Why Something So Trivial Can Be So Dangerous


This is something that we cannot understand. Americans, by and large, cannot and will never empathize nor even understand the resentment felt by Muslims other aggrieved people. They've never experienced it. They've never had to struggle. So how would they know?

Of course, 100 pastors can burn Korans and American will remain the most religiously tolerant place in the world.

Why can't we explain that to the Muslim street?

1. They've been conditioned by Egyptian, Saudi Arabia, the Jordanian ruling classes and militant ideologues to believe that Americans are to blame for their struggles and not the corrupt governments. (This is a consequence of our historically tetchy trade-offs: we keep the ruling families in power to guarantee that we don't get hated/threatened from the top, and get our oil, and instead get asymmetrical threats

2.  Since they've been conditioned, they WANT to believe we're bad. THEY WANT to believe we hate them. THEY WANT to see the bad in us.

And that's why something so trivial like this is dangerous.

The media remains complicit in giving voice to people who should be way on the margins of political debate. But this particular controversy simmered at the local level well before the media (collectively) discovered it. Successful ideologues know how to exploit emotions and moments, and that's what Pastor Jones was able to do. There is also evidence that BEFORE the national U.S. media picked up the story in any significant way, it had already found its way to Taliban and Islamic militant propagandists. That's something you cannot blame the U.S. media for facilitating.

To the extent that Americans think it's unfair that the actions of a few dozen people in Florida could be fairly interpreted as the collective expression of an entire people...well, a large minority of Americans seem willing to believe the worst stereotypes about the Islamic world.  And American demagogues are very quick to point to outrageous occurrences overseas to justify this Islamophobia and pessimism.

At the same time, there is something very different about harmful speech -- burning a Koran -- and stoning a woman to death for adultery.  The first is stupid. The second is immoral.  All of our religions contain weird and often confusing shibboleths about representing the image of God, but the American civic tradition -- the American cultural tradition -- without question does not consider the burning of anything that isn't made of flesh and flood to be something worth going to war over. That includes the American flag.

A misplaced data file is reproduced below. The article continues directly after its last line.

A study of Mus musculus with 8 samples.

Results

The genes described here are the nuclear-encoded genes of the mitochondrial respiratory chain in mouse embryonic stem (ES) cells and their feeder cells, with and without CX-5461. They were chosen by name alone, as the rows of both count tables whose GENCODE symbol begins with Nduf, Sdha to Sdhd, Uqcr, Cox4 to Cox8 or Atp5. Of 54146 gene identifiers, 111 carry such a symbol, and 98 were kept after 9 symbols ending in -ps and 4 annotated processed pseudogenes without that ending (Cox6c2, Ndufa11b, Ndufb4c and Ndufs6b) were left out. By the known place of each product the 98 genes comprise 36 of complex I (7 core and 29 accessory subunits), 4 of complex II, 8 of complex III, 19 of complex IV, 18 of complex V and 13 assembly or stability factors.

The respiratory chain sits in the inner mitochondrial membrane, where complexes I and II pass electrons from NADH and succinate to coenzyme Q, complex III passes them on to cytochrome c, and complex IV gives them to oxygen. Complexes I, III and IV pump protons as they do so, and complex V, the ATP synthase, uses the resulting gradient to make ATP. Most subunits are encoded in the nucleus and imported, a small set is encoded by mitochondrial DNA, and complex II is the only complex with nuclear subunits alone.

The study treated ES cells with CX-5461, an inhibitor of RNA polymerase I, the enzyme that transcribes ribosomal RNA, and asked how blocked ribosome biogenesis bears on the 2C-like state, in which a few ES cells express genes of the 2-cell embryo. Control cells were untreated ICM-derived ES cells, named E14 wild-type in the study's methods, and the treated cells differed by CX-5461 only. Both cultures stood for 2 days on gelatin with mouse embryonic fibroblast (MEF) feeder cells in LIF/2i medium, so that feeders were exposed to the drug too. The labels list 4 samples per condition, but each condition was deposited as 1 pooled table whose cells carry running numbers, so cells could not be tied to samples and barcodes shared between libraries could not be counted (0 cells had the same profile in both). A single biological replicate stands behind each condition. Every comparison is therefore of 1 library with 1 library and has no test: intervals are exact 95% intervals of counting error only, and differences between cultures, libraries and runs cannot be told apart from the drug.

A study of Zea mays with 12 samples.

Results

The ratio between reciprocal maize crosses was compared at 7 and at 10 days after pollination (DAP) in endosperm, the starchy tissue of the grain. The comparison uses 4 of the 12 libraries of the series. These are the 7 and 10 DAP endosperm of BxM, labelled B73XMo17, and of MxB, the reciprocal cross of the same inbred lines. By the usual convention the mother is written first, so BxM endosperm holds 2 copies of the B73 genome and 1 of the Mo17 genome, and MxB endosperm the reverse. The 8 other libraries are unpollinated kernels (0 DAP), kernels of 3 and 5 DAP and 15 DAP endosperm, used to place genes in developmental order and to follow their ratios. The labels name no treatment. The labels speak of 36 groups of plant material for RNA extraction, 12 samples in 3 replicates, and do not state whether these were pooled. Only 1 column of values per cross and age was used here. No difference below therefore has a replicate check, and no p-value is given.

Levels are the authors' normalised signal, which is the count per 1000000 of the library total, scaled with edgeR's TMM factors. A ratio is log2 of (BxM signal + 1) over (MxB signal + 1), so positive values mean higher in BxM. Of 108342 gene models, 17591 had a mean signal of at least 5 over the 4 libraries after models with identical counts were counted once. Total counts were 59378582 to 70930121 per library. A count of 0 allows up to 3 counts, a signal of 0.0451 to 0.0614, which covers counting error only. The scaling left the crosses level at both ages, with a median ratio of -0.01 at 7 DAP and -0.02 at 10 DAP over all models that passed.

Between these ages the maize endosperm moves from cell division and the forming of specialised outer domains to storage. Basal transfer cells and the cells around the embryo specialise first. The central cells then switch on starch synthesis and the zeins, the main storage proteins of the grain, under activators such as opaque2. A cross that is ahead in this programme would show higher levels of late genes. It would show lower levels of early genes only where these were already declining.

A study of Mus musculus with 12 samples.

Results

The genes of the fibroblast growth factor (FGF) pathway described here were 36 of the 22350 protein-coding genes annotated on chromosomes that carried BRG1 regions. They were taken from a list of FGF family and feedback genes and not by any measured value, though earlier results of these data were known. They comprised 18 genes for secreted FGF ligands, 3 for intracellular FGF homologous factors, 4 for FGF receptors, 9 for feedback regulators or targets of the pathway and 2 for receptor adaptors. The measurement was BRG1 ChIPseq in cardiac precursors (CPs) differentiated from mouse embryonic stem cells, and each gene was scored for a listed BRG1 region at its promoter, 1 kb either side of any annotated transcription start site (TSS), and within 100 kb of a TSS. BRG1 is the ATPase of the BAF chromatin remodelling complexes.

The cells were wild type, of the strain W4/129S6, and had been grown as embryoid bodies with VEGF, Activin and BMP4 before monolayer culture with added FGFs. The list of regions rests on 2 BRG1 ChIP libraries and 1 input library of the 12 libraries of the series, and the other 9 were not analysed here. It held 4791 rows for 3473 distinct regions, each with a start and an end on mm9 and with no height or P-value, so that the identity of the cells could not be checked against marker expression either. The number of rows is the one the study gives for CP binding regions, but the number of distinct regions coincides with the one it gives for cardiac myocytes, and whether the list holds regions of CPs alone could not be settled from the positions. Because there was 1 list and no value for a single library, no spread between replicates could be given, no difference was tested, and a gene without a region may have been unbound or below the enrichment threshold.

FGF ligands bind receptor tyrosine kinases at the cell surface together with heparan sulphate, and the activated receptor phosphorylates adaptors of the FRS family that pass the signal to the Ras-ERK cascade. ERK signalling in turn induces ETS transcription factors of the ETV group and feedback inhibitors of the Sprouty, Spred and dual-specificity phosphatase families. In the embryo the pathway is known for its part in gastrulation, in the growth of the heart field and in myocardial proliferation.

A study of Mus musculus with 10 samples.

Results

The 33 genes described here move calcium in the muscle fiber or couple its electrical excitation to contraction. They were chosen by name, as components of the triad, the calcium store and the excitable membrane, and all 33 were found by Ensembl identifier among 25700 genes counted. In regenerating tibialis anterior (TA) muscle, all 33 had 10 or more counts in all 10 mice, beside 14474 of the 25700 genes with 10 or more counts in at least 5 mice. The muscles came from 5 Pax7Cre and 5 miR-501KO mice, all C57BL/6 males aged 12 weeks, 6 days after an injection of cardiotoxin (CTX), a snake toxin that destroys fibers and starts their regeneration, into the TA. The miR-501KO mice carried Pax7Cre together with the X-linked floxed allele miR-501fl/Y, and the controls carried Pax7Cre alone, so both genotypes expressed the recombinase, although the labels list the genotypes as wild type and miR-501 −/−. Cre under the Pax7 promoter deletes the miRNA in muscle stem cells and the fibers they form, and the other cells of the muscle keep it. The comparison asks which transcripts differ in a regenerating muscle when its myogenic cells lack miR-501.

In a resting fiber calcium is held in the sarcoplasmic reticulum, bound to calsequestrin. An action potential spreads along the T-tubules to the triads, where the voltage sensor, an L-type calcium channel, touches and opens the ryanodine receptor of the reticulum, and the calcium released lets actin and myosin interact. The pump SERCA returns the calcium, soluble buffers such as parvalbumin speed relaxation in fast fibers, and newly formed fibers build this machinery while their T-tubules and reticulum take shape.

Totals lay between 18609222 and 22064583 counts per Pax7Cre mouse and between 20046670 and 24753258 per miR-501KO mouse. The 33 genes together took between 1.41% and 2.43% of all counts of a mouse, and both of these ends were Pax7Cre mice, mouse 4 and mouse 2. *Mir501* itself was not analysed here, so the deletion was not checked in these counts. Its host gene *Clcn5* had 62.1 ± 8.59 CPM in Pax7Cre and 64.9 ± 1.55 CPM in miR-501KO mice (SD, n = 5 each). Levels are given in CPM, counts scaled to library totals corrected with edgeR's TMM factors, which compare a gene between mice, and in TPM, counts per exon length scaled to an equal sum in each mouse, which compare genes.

Lost in this debate has been the distinction between harmful speech and hurtful speech.

Building a Mosque at Ground Zero hurts the feelings of 9/11 victim family members and others. Hurting people isn't good.  Burning the Koran has the potential to harm American soldiers. Harm is worse than hurt. So while we must acknowledge a "right" to do both actions, we can more comfortably place limitations -- hopefully by social shaming -- on one's "right" to use speech acts to harm others. Hurting someone's feelings does not justify intervention, and there is usually plenty of ideas in the marketplace that dilute the impact of something that hurts. But the standard for tolerance of harmful speech ought to be lower.

Universally, if one could ignore Pastor Jones, one would. But it is a consequence of an age where  hecklers can immediately become celebutards, where their actions, because they are TV friendly and symbolically designed to match the moment, become instantly validated expressions of politics, that bomb-throwers like Jones can become instant national stories. Once they become national stories, policy-makers have two choices. Regardless of whether his actions should matter, if they do, then maybe Secretary Gates has to make a phone call. That reality is very hard to swallow.

Whatever's at this conflict's roots, be it a clash of civilizations, a real fight between Judeo-Christian values and Islamic values, a simple but fundamental disagreement about religious tolerance -- we are going to be dealing with it for a long, long time.